Napoleon And Me (Napoleon to Watashi)

Japan (2021) Dir. Yusuke Koroyasu

Many people think happiness is only achievable if that special someone is in your life. As a perpetual loner, I will never know if this true or what happiness is, but I do know that being single does not mean my life is over. If only others felt the same…

Haruko Oohara (Rina Takeda) is a 28-year old hopeless romantic with an ideal of what love is dictated by her obsession with romantic cinema – expecting to bump into some handsome hunk in the street and be swept off her feet. In reality, she is a shy wallflower with little confidence, nursing a crush on male work colleague Shingo Iwata (Toshiyuki Someya), who naturally doesn’t see her as anything but another face in the office.

Female colleague, Yuka (Aya Ayano), is also single but doesn’t give a damn; she has a phone app which gives her the romantic experience with a 2D dreamboat, and suggests Haruko gives it a try. Reluctantly, Haruko does, picking the dashing Napoleon but soon feels silly. She wonders out loud why she can’t find happiness when a relief power glitch causes Napoleon (Shogo Hama) to appear before Haruko in person, vowing to help her find what she desires.

I’m surprised with amount of fantasy romance concepts revolving around mobile phones and such that Napoleon And Me isn’t an anime or manga from a girl’s comic. It has all the plot beats and rhythms you’d expect from the genre, with characterisations more commonly found in animated form, yet here we are. Written by Norio Suzuki, the light novel vibes are quite palpable, with the film running for a neatly packed 82 minutes.

Thinking about it, I’m sure a 12-episode anime could be eked out from this premise and have some fun with it too, something director Yusuke Koroyasu only faintly toys with before succumbing to the slushy conventions of the target female audience. I accept that I may be generalising there and not all women are so easily satiated by fluffy cinema like this but hopefully you get my drift.

Perhaps Suzuki was influenced by the numerous anime shows based around phone apps that transport people to different worlds or bring dastardly monsters to ours and wanted to conflate this idea with a reassuring ego boost for the modern single woman in Japan. As you may be aware, Asia has this baffling mindset that a single woman over 25 has no value in society, their single status bringing shame to their families or some such drivel, which loosely supplies this tale with its foundation.

She may not be 30 yet, but Haruko is feeling the old maid blues from not having a man in her life, therefore she has no concept of happiness. She gets a kick from watching romantic movies which is a kind of happiness, but I guess that isn’t considered tangible if the source isn’t at least sentient in form. It is not that Haruko is a pariah either – in the opening scenes she is invited to a wedding reception and housewarming party and she has Yuka to chew the fat with, it’s just romance she is missing.

Before you start thinking “is that all she is missing?”, let me point out this is as chaste and asexual a film you can get without needing to make the cat five year-olds so get your mind out of the gutter. That said the idea of a phone app to provide gratification for the lonely is as disconcerting as it is characteristically Japanese – the male avatars are all rendered in a manga style appearance, placing the app as one step away from a visual novel.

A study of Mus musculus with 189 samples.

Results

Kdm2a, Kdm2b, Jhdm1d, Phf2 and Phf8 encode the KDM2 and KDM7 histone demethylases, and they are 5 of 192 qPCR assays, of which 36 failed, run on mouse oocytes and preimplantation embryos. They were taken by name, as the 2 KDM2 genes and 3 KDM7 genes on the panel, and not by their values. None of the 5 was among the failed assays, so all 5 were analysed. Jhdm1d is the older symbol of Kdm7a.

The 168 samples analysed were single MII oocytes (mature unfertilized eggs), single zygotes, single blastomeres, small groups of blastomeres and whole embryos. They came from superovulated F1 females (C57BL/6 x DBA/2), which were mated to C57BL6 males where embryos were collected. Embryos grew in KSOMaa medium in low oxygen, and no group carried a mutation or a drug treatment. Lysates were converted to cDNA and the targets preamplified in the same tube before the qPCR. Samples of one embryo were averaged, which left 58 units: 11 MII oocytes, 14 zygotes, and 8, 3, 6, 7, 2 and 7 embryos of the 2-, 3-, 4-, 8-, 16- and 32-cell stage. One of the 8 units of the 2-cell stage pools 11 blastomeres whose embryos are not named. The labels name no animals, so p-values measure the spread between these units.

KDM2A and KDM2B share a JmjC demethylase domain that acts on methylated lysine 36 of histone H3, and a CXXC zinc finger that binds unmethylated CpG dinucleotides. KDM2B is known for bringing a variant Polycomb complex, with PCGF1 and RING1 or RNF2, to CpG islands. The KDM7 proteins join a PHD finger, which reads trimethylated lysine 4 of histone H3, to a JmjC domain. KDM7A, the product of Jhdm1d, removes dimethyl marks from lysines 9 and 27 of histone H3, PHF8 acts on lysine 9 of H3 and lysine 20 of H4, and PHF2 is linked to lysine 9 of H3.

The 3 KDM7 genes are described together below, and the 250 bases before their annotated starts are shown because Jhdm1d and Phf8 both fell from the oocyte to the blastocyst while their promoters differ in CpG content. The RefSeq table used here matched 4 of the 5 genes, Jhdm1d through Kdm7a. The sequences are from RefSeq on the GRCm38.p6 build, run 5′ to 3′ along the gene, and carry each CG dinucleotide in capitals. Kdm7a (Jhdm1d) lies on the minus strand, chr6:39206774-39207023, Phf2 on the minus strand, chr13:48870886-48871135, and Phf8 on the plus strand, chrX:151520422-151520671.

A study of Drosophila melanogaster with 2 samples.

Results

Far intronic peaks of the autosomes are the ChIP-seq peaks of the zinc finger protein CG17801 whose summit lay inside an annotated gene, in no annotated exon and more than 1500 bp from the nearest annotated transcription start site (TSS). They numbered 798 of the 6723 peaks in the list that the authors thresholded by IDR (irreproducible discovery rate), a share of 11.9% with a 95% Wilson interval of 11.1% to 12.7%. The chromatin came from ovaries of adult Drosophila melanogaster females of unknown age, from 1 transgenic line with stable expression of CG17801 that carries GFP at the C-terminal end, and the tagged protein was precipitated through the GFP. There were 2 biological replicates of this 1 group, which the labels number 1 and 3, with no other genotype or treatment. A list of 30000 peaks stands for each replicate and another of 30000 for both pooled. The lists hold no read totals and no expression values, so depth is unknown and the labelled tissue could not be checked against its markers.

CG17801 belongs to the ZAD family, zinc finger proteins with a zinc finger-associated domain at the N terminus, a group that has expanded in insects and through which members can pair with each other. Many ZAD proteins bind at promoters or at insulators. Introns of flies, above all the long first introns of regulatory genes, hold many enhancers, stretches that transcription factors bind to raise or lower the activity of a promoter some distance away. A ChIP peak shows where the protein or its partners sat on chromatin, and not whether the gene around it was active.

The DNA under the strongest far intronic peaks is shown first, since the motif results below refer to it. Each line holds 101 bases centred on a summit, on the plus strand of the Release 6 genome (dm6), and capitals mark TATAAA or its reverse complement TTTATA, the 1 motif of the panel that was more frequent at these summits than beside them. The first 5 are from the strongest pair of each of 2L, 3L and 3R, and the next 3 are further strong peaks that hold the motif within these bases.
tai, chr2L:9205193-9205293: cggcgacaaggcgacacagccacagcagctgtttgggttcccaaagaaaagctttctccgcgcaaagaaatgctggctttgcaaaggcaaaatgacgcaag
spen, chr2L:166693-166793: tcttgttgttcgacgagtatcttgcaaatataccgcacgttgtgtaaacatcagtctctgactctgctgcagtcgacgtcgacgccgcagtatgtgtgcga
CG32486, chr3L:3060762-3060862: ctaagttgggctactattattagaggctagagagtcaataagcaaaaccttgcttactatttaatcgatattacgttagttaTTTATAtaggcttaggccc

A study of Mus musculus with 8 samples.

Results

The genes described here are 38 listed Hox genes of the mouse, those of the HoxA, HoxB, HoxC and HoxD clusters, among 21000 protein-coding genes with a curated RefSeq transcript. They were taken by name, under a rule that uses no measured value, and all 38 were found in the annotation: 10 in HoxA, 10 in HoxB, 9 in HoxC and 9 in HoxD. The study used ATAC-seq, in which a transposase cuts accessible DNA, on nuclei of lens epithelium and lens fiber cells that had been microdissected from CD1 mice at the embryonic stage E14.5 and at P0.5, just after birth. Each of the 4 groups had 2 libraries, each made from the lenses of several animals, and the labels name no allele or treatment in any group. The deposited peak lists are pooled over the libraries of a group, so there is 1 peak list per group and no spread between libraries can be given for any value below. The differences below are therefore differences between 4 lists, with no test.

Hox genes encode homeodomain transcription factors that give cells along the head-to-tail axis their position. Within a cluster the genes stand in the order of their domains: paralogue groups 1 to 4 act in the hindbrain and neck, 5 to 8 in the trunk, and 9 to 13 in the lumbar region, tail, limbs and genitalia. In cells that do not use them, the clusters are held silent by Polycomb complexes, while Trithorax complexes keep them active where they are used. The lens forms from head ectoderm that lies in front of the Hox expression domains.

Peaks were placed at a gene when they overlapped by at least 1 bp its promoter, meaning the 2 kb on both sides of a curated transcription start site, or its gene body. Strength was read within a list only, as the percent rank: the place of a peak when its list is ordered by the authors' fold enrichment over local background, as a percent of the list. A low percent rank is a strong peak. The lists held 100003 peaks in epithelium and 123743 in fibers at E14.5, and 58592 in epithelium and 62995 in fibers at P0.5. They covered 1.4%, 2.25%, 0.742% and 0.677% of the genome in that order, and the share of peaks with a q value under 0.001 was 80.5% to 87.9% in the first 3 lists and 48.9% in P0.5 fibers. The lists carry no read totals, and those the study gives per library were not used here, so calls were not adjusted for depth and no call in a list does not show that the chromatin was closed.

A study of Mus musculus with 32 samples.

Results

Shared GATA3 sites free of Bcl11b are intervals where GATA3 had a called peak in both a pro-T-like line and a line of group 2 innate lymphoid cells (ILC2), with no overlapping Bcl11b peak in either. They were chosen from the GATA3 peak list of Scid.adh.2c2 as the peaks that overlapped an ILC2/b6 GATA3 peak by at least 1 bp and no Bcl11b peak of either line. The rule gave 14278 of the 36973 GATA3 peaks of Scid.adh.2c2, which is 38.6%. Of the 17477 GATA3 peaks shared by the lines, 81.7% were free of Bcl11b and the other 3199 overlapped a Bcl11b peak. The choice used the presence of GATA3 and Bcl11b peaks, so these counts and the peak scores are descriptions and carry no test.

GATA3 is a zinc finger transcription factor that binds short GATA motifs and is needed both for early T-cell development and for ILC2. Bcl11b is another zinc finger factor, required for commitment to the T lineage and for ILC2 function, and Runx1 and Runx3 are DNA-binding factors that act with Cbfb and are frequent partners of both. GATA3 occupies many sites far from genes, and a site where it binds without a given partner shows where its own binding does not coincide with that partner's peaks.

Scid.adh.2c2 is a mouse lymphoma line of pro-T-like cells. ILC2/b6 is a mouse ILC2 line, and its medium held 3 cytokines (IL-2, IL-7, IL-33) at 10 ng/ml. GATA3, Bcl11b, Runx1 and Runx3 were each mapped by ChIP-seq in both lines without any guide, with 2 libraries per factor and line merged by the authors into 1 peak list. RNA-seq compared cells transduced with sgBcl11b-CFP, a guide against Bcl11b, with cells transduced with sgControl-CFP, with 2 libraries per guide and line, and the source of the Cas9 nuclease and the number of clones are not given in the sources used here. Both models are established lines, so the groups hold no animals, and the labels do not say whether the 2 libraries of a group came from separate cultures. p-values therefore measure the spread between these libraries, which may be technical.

No explanation is offered as to how or why Napoleon came to life, other than it coincided with Haruko’s verbalised lament for her loneliness to end, but this is a fantasy so we run with it. Tall, classically dressed, and formal in his speech, this Napoleon does not directly resemble the legendary French leader despite sharing his name. he is confused about this transportation but assumes it means he has to fulfil his duty in person rather than as a pre-programmed computerised avatar.

Unfortunately, the mileage that could have been mined from this, let alone the attendant comic mishaps from napoleon only being visible to Haruko are sacrificed to focus instead on the plight of Haruko getting Shingo to notice her. With competition from the younger, more confident Riho (Yuka Okabayashi) one can see where the story would normally go but Suzuki decides this well-trodden path is being closed off in this instance, and a safer alternate route should be taken.

82-minutes is therefore insufficient to really get to grips with the various levels of fun and drama that could have been addressed, putting a few easily surmountable hurdles in Haruko’s way in her journey to true love and happiness. Coupled with Haruko falling for Napoleon – as you knew she would – even the most hackneyed of clichés would have created a meatier crisis point than the anodyne but earnest challenges presented here. That it doesn’t dim the overall message of loving yourself to find love and screw social pressures is a miracle, with succour from a late scene spelling it out for us.

Rena Takeda for me is an interesting choice of lead as she is black belt karate champion and her early films specifically exploited this. However, she proved in The Tale Of Iya she can handle heavy drama, and Haruko is Takeda expanding her repertoire to rom-com heroine. Her default forlorn facial expression is suitable for garnering sympathy for a girl unlucky in love, which she backs up with a personable and measured performance.

Contrary to the impression I may have given, I didn’t hate Napoleon And Me, regardless of the cavils discussed above. As a brisk piece of undemanding lightweight confection with a well intended message, its sits on the right side of jejune to escape without serious complaint.